Today, more than 12,000 people -- 85 percent of whom are black -- serving time in prison for crack cocaine offenses will have the opportunity to have their sentences reviewed by a federal judge and possibly reduced.
The sentencing changes are part of the The Fair Sentencing Act that Congress passed in August of last year. The reform bill reduced the 100-to-1 disparity between minimum sentences for crack and powder cocaine to 18 to 1. On Tuesday, those already serving time became eligible for a hearing to consider reducing their sentences under the new changes.
Critics of the old sentencing system rightfully argued say that it was unfair to African-Americans, who make up 85 percent of those convicted of possessing and distributing crack cocaine. Under the former system, five grams of crack resulted in five years of prison, while it took someone being caught with 500 grams of powder cocaine to get the same time in prison.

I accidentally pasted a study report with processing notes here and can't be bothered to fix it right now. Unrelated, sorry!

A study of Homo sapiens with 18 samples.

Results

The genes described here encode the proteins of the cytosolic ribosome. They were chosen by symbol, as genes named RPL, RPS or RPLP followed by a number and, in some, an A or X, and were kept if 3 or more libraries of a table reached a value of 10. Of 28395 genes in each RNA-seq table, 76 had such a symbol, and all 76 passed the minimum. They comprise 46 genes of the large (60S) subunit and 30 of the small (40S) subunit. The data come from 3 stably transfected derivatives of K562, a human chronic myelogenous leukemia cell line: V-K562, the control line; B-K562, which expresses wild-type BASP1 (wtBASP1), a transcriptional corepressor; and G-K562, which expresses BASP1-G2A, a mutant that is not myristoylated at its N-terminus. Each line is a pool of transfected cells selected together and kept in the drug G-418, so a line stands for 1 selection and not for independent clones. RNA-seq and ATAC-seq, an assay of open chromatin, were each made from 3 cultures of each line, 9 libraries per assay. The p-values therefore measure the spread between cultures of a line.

The ACLU's blog called the changes that went in to effect Tuesday "a huge victory in reducing racial disparities and restoring confidence in the criminal justice system."
The U.S. Sentencing Commission has done its part to ensure the sentencing guidelines apply retroactively, and the FSA will go a long way in fixing this longstanding injustice. But more is needed.
Even with the changes, there is still an 18-to-1 disparity in sentences for crack and powder cocaine offenses.
"This is an incremental step in trying to address the disparity, but we think the only fair way to treat these two drugs is to treat them and punish them in the same manner," the ACLU's Jesselyn McCurdy told NPR.
An estimated 1,800 inmates became eligible for release immediately Tuesday because they had already served enough time.